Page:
CULTURE_The Table Lorna Palmer_WEB

Culture | Clashing humour with vulnerability

The Table discusses artistic struggles and selfhood

On March 5, an impatient audience filled about three-quarters of the majestic yet cozy Théâtre Outremont venue. At a leisurely pace, three puppeteers and their puppet appeared on stage with a beige wooden table and a translation board as their sole equipment. The three travelling artists, Marc Down, Nick Barnes, and Sean Garratt, each controlled a different part of the puppet’s body in the traditional Japanese style of bunraku. The Table, a self-aware narrative of a puppet’s selfhood woven into a biblical narrative, was part of the 11th annual Festival de Casteliers, which ran from March 2 to 6.

Silence crept in and held the viewers still. Suddenly, a foot tapped on the table. The puppet, with its soft fabric body and cardboard head, came to life, welcoming the crowd in a British accent, a voice given by Down, the show’s director and one of the puppeteers. The evening was introduced as “English humour on a good solid French Canadian table.” Thus began Blind Summit Theatre’s modern rendition of the twelve days preceding the prophet Moses’s death. It occasionally diverged from the traditional storyline when the puppet danced and told tangential stories. Staged in English with French subtitles, the performance centred the puppet’s conversation with the audience, making each of the three evenings unique and only vaguely plotted. The fact that the show relied heavily on the viewers’ reactions to jokes and often direct questions to arbitrary audience members added to the list of impressive puppetry skills and smooth workings of the show.

“Puppets are performers. They only exist when they are performing, when they are being watched. A show is always a dialogue with the audience on some level. In this show, we wanted to confront that with direct address,” Down explained in an email to The Daily.

Weaving dialogue with the audience into the storyline, The Table explored the inner struggles of an artistic puppet whose dream was to “serve a better purpose” on stage by playing meaningful roles, and not solely function as a children’s toy at birthday parties. This is how his ambition of bringing the most climactic scenes of Moses’s story to life on stage came about, as the puppet explained to the audience. In the end, it is not an easy job to use a wooden table to enact Moses’s destiny, wisdom, and elaborate conversations with God.

The puppet’s movements hinted at self-awareness, when he was shyly strolling along the edge of the table, thinking of his next action, and shaking as he teetered at the edges of the table. His desire for self-realization veiled by apparent confidence ultimately defines the idea at the core of the show – the tale of an underappreciated artist pursuing his dreams.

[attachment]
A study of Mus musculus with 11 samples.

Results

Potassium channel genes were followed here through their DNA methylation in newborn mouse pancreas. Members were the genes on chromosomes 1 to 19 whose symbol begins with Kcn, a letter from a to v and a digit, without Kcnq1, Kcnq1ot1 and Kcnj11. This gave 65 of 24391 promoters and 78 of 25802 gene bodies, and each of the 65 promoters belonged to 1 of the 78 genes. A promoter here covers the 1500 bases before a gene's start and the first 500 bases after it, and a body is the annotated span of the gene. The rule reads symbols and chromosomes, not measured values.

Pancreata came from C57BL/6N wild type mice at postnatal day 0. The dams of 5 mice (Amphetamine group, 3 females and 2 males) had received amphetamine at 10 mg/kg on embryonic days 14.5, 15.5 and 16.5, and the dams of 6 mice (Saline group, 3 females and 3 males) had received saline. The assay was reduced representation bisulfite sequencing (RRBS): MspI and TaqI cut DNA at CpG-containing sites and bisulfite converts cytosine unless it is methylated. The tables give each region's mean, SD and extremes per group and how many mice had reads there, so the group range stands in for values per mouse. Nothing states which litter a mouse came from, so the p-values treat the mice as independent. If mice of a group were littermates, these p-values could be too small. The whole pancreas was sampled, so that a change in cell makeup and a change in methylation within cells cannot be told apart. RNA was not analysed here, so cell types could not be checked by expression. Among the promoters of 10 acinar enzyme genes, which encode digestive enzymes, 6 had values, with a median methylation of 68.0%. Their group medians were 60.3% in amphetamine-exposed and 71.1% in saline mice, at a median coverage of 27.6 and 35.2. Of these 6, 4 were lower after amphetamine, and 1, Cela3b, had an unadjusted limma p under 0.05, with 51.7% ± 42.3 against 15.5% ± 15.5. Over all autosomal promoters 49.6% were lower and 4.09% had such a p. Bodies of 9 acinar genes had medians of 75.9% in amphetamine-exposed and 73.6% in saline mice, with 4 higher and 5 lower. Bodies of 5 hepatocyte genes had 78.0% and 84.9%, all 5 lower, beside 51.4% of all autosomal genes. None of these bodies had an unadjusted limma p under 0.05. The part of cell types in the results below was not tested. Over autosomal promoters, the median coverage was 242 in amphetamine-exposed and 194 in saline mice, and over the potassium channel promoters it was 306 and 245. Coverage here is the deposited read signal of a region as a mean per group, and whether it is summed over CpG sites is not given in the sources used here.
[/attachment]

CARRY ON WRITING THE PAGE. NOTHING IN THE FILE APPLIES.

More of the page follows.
The puppeteers’ skill was most apparent in the scene “The Death of Moses,” where the puppet jumped back and forth between the roles of God, whispering the fate of Israel to a weeping Moses, and the prophet, noting everything down. Intelligent coordination in tune with subtle humour and pop culture references made the scene stand out.

Despite the main storyline being set in the distant past, Down filled the show with pop culture references, making the show feel contemporary and accessible. At one point, the puppet mentioned that most of his Moses acting was based on the Book of Deuteronomy, but was also embellished by pop singer Madonna’s lyrics. The director and cast also included a bit about Montreal’s winter weather conditions. When the puppet was “showing the audience around the table,” he emphasized his favourite corner, where he grew a garden containing his “dead Montreal flowers,” withered by the cold.

But “I’m an artist”

Through entertaining and informative acting lessons, the puppet gave the audience an idea of the three tricks the puppeteers used to handle him: “focus” (puppeteers’ constant attention to the puppet’s actions), “fixed point” (maintaining contact with the table), and “breathing” (the puppet’s rhythmic movements). Demonstrating each of those techniques by having the actors let go of one or several of his body parts, the puppet emphasized the importance of a connection between the actors and himself. Garratt temporarily left the stage, at which point the puppet tearfully urged him to come back, since the actor was his “right hand” both literally and figuratively. The scene showcased the team’s brilliant ability to perform on two fronts: speaking for and to the puppet.

The puppet left the stage […] encouraging the audience to stand up for the challenge of self-realization.

The Table was filled with masterful acting, straightforward humour, and hilarious puppet dancing, while also portraying the character of an artist who is self-confident and ambitious, yet very vulnerable and dependent on other people’s praise. The puppet’s movements hinted at self-awareness, when he was shyly strolling along the edge of the table, thinking of his next action, and shaking as he teetered at the edges of the table. His desire for self-realization veiled by apparent confidence ultimately defines the idea at the core of the show – the tale of an underappreciated artist pursuing his dreams.

The puppet left the stage melancholically and self-contemplatively, encouraging the audience to stand up for the challenge of self-realization in the money-driven global media industry and follow their dreams just like he did, performing some “epic biblical puppeting on a table.”